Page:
By Godfrey Bivbere &
Gideon Nnaemezie

SHIP Owners Association of Nigeria, SOAN, have said that most of the excuses by maritime authorities on reasons for the lull in business activities at the Eastern ports were not tenable. They said that more than 90 per cent of the excuses includes shallow port channels, security, the presence of oil pipelines, etc.

Onne port
Onne port

Speaking on behalf of the SOAN, it’s Technical Committee chairman, Lucky Akhiwu, said the government lacks the political will to make the ports work, noting that the Koko Port has two problems, which were those of dredging and security. He said that the port had low tides and as such dredging has become impossible.

Akhiwu said: “They said the draught is low so they cannot dredge further because you have all the pipelines laid across the kilometre lines that span across the open river via the Atlantic and it is a problem. I am an engineer by profession and insist that there is a solution to that. The government should take all the pipelines and re-route them. We have HDG equipment, they are in Warri, they are in Port Harcourt and they are in Lagos.

“NNPC is their baby and I would tell you that according to the Petroleum Act, it is important that after every 25 years you must replace those lines. NNPC has ever defaulted, these pipelines have been there for 55 years, before the civil war. Now, to get economic value for the country, they are giving excuses. They also mentioned security challenges where we have Mobil, Shell, Chevron and Total operating, they have not relocated, and we are producing two million barrels per day from this region which is more or less the GDP. We know there are security challenges but that is not enough.

“So for me, the Eastern ports can work. It would create a lot of revenue for the government, it is going to create a lot of employment and it is going to help decongest Lagos, you and I would walk freely. It does not drop its revenue. If, for example, I have an office in Warri, I have no business bringing my vessel to Calabar or Lagos. I would just take it to Warri and in fifteen to thirty minutes I am done there.”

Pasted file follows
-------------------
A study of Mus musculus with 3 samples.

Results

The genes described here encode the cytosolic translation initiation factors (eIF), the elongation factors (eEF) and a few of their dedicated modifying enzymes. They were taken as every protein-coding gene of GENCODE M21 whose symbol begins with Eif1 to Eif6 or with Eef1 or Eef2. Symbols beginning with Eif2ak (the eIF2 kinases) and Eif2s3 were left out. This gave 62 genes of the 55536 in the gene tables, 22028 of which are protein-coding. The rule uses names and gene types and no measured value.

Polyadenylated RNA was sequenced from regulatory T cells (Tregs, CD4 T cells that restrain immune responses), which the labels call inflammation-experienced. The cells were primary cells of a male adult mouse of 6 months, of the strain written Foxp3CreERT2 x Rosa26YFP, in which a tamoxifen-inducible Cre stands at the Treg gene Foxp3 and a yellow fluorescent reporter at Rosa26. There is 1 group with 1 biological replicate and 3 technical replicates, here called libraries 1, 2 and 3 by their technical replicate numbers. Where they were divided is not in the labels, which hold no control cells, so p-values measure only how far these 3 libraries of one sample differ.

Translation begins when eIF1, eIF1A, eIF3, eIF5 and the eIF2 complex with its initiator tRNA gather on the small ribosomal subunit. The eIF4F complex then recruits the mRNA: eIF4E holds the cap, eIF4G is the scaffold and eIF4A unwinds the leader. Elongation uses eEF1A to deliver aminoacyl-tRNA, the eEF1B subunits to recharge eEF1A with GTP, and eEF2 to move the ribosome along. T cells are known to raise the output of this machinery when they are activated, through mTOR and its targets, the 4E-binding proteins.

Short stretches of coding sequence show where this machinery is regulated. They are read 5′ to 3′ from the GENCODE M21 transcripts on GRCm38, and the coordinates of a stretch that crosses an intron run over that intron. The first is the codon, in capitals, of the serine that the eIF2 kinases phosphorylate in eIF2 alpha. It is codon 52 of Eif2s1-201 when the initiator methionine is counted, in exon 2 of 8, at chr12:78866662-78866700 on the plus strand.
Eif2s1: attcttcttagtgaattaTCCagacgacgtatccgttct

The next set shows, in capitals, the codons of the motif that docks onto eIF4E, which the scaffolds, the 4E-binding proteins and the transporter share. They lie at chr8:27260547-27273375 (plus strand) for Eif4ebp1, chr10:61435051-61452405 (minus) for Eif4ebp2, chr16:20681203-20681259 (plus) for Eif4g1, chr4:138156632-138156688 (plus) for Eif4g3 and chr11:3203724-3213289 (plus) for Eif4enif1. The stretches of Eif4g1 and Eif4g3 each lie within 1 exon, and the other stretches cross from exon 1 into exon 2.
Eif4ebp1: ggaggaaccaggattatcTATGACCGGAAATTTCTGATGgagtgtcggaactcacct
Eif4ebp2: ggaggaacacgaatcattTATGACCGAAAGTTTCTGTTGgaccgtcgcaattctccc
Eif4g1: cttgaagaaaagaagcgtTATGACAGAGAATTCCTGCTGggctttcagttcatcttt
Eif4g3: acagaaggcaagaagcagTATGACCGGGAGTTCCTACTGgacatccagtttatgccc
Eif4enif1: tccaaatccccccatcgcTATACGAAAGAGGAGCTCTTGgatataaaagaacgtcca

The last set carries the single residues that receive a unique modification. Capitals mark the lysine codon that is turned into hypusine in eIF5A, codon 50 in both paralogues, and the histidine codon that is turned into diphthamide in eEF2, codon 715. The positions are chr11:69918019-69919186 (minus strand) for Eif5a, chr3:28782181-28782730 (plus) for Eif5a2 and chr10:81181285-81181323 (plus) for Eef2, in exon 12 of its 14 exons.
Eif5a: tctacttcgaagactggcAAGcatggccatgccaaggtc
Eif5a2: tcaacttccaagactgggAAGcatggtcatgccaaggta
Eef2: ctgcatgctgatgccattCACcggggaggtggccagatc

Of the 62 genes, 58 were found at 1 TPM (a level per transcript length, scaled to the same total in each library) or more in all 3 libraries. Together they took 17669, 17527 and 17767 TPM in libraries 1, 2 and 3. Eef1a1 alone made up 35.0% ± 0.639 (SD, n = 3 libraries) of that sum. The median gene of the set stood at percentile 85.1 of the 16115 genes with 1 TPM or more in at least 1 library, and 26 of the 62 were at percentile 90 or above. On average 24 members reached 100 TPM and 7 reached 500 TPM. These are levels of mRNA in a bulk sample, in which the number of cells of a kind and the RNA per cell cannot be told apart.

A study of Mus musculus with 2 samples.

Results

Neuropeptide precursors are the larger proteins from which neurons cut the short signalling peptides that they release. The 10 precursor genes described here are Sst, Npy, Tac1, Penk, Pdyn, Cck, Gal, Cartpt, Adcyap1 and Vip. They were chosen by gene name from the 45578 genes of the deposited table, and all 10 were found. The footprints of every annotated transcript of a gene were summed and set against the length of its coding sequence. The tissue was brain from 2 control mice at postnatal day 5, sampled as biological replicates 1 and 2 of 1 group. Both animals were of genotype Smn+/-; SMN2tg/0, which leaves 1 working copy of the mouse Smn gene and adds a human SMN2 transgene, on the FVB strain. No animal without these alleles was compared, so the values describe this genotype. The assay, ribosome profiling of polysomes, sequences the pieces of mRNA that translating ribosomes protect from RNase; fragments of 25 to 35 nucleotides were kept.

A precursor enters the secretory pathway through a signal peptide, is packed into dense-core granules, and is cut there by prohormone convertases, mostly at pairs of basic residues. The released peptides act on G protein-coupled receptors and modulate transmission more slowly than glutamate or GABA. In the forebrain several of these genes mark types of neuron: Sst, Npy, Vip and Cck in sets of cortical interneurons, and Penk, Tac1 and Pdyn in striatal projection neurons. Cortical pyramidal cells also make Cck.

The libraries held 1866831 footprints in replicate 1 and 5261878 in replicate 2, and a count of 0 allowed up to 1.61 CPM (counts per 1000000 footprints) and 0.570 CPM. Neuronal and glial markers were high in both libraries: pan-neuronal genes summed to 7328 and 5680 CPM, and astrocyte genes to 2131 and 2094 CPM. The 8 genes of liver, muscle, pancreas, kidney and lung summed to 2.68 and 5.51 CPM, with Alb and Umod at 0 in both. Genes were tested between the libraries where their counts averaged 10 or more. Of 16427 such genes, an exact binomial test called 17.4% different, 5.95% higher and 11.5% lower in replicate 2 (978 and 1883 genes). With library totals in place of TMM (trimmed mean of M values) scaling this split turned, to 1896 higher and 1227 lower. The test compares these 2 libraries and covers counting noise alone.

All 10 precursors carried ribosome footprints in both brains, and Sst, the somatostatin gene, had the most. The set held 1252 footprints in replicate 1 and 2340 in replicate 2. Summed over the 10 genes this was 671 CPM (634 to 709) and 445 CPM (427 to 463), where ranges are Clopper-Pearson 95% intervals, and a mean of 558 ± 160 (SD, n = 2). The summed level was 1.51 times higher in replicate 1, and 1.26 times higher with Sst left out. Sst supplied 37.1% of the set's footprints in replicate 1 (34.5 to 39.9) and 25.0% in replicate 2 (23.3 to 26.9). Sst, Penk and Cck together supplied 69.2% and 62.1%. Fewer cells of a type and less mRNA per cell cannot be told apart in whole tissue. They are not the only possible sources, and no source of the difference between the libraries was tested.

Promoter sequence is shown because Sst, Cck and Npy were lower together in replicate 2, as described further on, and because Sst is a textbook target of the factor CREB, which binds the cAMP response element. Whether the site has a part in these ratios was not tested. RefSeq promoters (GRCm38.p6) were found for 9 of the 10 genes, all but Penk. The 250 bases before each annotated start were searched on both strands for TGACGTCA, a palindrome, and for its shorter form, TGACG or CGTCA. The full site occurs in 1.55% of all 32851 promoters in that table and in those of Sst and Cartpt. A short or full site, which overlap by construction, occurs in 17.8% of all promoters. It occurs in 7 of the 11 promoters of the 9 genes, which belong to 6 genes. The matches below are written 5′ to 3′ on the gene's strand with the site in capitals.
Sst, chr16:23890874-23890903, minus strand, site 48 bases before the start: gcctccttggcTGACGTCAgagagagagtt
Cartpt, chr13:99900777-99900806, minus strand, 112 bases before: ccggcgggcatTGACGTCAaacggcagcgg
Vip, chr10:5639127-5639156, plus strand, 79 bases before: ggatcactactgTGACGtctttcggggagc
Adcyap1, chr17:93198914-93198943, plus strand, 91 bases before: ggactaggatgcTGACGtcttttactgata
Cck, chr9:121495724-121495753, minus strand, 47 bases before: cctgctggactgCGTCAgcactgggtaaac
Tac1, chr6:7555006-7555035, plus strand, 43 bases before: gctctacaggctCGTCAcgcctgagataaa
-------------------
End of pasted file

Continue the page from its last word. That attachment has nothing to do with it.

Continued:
“The other problem that is making people come to Lagos is basically incentives. What is it that they would be able to do in Lagos that they would not be able to do in the East? What the ministry has done now and thanks to God that the minister has come back, is that they have now started giving incentives for the Eastern ports.

“For instance, if I brought in a container and I have to pay x amount of money but if I drop that container in the East, I would pay x minus one. The previous mentality of people was that the Customs in the East would rip you off as compared to their Lagos counterparts who are more lenient. It is that ease of doing business that we are saying should apply in the East. Look at the quagmire we have in Lagos, man-hours are lost because containers are everywhere including trucks and so on. We would have been making money from all of these, had it been so easy to evacuate them.

“Government has now come up with a way of incentivizing those ports so that if you take your containers there you would get better services maybe a little better in terms of cost than Lagos. So that is in place now, it is new but we would see the effect.”